A federal judge will not block $63 million in payments to Medtronic executives tied to the Fridley-based devicemaker’s plans to move legal headquarters to Ireland.
But the company’s shareholders will get their own opportunity to pass judgment on the payments, including $24.8 million to chief executive Omar Ishrak. The money is intended to offset the special federal excise taxes imposed on executives and directors that relocate their companies overseas through complex acquisitions known as corporate inversions.
U.S. District Judge Susan Richard Nelson ruled on Monday that a three-month-old lawsuit to block the payments was unlikely to succeed, and therefore she denied a request to impose a preliminary injunction ahead of the Jan. 6 shareholders’ vote to approve the deal. But she noted that company officials plan to hold a second vote that day to approve the excise-tax payments.
Medtronic spokesman Fernando Vivanco declined to say whether the “advisory” vote will be legally binding, but he said the company was pleased with the court’s ruling. The litigants were not.
“We are very disappointed in the court’s ruling,” plaintiff’s attorney Robert Weiser wrote in an e-mail, asserting that the judge had chosen “to rewrite Minnesota law.”
Fridley’s medical device giant is in the process of acquiring the Dublin-based health care supplier Covidien PLC. The $43 billion deal has sparked controversy because it is structured as a corporate “inversion” that will leave the combined company with legal headquarters in Ireland, where corporate taxes are about a third of the domestic rate of 35 percent.
The combined company, to be called Medtronic PLC, will have a much wider product catalog, combining Medtronic’s $17 billion in annual revenue with Covidien’s $10 billion. Since Covidien already gets the benefits of Ireland’s tax code, Medtronic executives have argued that it wouldn’t be fair to bring that company back to the U.S. and expose it to the higher taxes here.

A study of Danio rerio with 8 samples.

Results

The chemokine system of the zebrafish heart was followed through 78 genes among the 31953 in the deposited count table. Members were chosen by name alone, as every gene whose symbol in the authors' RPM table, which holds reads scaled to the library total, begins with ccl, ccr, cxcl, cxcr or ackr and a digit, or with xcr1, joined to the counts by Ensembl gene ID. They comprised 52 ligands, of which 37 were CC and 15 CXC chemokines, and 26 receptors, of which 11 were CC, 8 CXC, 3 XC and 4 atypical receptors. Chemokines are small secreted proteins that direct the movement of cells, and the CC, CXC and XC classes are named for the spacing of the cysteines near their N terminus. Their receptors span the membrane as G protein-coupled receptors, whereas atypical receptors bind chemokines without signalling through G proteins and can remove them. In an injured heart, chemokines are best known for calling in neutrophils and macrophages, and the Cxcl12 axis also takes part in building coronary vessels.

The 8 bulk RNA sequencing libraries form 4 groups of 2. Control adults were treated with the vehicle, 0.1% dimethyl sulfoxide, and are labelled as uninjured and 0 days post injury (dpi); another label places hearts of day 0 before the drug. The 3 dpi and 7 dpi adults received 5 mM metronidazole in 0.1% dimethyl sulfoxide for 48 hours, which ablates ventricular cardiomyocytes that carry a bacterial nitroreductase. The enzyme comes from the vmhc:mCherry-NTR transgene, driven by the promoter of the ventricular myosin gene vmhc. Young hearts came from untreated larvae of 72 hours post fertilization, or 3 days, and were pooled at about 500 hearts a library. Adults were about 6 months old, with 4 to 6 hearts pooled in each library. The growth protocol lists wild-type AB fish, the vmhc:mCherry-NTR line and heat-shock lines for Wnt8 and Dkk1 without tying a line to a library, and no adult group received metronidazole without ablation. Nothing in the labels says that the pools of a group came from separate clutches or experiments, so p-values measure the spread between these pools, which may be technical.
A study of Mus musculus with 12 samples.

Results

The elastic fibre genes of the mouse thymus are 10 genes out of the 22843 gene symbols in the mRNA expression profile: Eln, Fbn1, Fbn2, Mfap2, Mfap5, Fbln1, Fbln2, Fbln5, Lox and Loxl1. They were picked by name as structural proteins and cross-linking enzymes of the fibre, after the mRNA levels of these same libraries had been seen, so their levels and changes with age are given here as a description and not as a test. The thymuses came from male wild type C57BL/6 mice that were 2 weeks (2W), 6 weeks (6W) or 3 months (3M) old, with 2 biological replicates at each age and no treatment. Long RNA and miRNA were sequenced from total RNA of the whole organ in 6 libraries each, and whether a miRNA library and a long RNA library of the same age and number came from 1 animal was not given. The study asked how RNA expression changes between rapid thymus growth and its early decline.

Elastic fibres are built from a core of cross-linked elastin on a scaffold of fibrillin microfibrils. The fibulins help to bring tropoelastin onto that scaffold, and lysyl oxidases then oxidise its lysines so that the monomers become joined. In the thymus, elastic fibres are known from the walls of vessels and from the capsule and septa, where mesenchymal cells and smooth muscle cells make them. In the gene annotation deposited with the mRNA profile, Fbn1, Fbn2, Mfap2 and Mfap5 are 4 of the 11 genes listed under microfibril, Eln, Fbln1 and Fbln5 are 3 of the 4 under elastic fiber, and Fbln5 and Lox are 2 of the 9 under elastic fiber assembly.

Although the deal is supposed to benefit shareholders by making the overall company more valuable, many longtime holders of the stock were upset over the personal tax implications.
Some shareholders will face large capital gains taxes, because all shares in the old Medtronic must be liquidated, and exchanged for stock in the new Medtronic. The Internal Revenue Services interprets the issuance of new shares as a taxable event, even though shareholders are receiving a one-to-one exchange of equities. Since Medtronic’s stock price has risen tenfold in 20 years, capital gains for longtime owners could be large.
While lawsuits have been filed to try to upend the deal, the case that Nelson ruled on this week in Minnesota federal court sought only to block the company’s decision to cover executives’ excise taxes.
The executives will face the same capital-gains taxes as any shareholder. But the company’s officers and board of directors are recommending that Medtronic cover the special 15 percent excise tax on stock options for executives like Ishrak. The company would also cover the tax on the income that will be used to pay the tax in what’s known as a “gross-up” payment.
Two shareholders filed a lawsuit against the plan in September, saying the recommendation amounted to a conflict of interest that subverted the purpose of the tax, which was to force executives to think about the personal consequences of inversions.
Shareholders William Houston and Marilyn Clark alleged, on behalf of a larger group of shareholders, that the board’s recommendation breached their fiduciary duty to act in shareholders’ best interests, unjustly enriched the executives, and wasted shareholder money. In a fourth count, they alleged the company made misleading statements by not immediately disclosing the gross-ups.
The judge didn’t rule directly on those allegations. Rather, she said Houston and Clark had failed to exhaust their administrative remedies before filing their lawsuit, and therefore it was impossible for their case to succeed if it went to a trial.
Nelson said that the plaintiffs should have made a formal “demand” to the board to withdraw their recommendation on the gross-up payments, which they didn’t do. Under Minnesota corporate law, a case like this cannot be filed until such a request is made. “The court finds that Minnesota law governs the demand issue as Medtronic is, at least for now, a Minnesota corporation,” Nelson wrote.
Her ruling rejected the litigants’ request to impose a preliminary injunction before the Jan. 6 shareholder vote, though technically the case is still active. However, Weiser said his clients haven’t decided whether to proceed.